Revision 18 for 'Air-space opacification (summary)'


Air-space opacification is a descriptive term that refers to filling of the pulmonary tree with material that attenuates x-rays more than the surrounding lung parenchyma. It is equivalent to the pathological diagnosis of pulmonary consolidation.

Reference article

This is a summary article; read more in our article on air space opacification.


  • pathophysiology
    • material fills the pulmonary tree
      • fluid: pulmonary edema 
      • pus: pneumonia
      • blood: pulmonary hemorrhage
      • cells: cancer
      • protein: alveolar proteinosis (rare)
  • investigation
    • chest x-ray
      • confirmation of consolidation and additional findings
      • assessment of:
        • severity, e.g. number of lobes involved
        • accompanying pathology, e.g. effusion
        • complications, e.g. abscess formation
    • CT chest
      • air space opacification looks very similar to the chest x-ray
      • distribution can be assessed more accurately
      • assessment of associated features is more accurate

Radiographic features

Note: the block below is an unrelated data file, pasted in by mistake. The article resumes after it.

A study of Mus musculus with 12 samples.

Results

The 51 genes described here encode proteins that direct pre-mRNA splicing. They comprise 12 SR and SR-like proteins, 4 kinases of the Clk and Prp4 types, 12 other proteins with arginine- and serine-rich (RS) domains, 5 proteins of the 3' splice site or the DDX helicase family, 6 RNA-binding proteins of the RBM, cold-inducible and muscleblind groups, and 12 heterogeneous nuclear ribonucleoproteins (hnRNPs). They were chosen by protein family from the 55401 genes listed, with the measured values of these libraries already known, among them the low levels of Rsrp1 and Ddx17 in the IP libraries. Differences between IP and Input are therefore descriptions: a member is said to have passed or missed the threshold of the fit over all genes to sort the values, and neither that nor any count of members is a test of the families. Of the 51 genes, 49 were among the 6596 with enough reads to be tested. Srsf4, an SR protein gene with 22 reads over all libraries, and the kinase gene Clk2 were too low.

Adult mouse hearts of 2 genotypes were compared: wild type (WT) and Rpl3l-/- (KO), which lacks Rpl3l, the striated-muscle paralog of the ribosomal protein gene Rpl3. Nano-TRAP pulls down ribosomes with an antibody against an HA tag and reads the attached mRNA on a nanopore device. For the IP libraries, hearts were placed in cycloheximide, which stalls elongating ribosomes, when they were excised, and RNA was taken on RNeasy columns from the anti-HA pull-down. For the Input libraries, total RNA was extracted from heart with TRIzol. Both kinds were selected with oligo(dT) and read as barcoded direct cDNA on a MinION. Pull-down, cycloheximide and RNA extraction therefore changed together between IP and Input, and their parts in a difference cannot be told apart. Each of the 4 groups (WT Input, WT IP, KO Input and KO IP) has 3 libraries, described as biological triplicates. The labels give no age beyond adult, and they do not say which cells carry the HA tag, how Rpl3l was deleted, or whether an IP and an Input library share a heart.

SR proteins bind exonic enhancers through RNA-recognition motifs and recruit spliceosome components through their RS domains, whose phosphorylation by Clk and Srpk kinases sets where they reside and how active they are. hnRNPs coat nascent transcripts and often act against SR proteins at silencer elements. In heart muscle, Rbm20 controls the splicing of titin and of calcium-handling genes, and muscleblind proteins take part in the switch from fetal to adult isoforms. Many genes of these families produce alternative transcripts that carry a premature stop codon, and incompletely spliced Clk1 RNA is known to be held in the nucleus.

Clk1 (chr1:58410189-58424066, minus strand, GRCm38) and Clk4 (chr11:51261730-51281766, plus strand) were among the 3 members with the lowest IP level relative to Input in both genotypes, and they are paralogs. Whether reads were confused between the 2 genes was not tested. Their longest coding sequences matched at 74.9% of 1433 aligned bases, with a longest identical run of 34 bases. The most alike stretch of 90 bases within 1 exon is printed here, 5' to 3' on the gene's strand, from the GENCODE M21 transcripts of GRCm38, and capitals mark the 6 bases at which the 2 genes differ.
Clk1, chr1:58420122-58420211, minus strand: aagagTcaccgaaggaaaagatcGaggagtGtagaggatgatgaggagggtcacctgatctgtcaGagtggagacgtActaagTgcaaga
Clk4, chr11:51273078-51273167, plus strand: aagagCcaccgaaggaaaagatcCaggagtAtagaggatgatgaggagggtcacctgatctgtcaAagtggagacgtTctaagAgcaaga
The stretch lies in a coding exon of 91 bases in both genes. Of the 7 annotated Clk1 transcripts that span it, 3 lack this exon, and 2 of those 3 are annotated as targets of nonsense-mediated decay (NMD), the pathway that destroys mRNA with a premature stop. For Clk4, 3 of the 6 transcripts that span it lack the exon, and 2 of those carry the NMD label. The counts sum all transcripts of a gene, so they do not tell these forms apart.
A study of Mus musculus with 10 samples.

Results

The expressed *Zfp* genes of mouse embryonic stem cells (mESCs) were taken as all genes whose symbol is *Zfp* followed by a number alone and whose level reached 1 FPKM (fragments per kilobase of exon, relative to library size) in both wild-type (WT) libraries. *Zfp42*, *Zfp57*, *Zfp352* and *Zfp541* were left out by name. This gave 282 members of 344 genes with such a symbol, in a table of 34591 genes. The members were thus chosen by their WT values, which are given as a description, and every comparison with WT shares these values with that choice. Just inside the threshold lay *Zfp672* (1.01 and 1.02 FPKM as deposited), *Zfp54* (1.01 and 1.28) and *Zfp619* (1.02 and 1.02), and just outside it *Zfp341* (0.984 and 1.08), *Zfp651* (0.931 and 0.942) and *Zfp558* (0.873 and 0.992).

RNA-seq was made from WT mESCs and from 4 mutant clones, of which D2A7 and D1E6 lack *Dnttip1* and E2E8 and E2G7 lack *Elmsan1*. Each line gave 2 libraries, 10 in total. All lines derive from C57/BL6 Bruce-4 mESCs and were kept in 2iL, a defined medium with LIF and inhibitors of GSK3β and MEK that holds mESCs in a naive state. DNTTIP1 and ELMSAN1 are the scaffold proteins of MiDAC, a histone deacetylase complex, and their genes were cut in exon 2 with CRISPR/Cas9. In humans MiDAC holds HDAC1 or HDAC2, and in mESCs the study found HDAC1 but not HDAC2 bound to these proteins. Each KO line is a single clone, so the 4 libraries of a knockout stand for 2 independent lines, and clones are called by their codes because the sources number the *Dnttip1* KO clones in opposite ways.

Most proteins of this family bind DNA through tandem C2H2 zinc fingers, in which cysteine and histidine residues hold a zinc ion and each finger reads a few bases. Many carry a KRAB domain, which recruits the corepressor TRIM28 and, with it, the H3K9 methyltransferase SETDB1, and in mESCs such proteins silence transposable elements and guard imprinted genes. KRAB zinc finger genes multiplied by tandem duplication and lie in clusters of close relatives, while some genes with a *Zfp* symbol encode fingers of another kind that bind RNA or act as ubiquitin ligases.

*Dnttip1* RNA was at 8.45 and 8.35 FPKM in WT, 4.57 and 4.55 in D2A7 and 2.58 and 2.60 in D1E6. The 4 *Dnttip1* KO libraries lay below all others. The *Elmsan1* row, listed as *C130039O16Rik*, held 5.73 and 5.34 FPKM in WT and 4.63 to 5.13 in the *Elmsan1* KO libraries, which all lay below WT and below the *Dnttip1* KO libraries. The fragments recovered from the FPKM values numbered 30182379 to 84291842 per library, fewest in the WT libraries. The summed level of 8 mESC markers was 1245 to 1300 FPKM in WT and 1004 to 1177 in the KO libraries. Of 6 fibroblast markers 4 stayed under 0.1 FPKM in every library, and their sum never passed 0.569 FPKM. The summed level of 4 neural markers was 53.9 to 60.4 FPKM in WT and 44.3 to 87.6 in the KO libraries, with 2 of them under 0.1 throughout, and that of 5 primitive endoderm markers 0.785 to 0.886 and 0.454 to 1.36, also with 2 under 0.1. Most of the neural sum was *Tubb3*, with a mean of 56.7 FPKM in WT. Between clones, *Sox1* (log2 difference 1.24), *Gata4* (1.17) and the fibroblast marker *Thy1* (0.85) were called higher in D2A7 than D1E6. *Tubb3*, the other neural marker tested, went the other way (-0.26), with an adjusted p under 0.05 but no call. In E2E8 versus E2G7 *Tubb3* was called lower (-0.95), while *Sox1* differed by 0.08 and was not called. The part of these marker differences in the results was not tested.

Consolidated areas are radio-opaque on chest radiograph and chest CT compared to normally air-filled lung tissue. The distribution pattern of consolidation can aid in narrowing the potential differential diagnosis.

Lobar consolidation

Where increased density/opacity is seen in individual lung lobes. Sharp delineation can be seen when consolidation reaches a fissure, since it does not cross. Air bronchograms can also be seen due to bronchi becoming visible against the dense diseased tissue. Volume loss is usually not seen.

Diffuse consolidation

Most commonly due to heart failure, resulting in other signs such increased cardiac size, Kerley B-lines, redistribution on pulmonary blood flow and pleural fluid. Other findings can include multiple ill-defined opacities progressing to diffuse spread seen in bronchopenumonia and "white out" of a lung due to progressive consolidation from bronchoalveolar carcinoma.

Multi-focal consolidation

Multiple areas of opacity seen throughout the lung most often is due to bronchopneumonia, starting from bronchi and spreading outwards. Usually ill defined with peripheral distribution. Neoplasms such as a primary malignancy or metastasis can also cause this picture.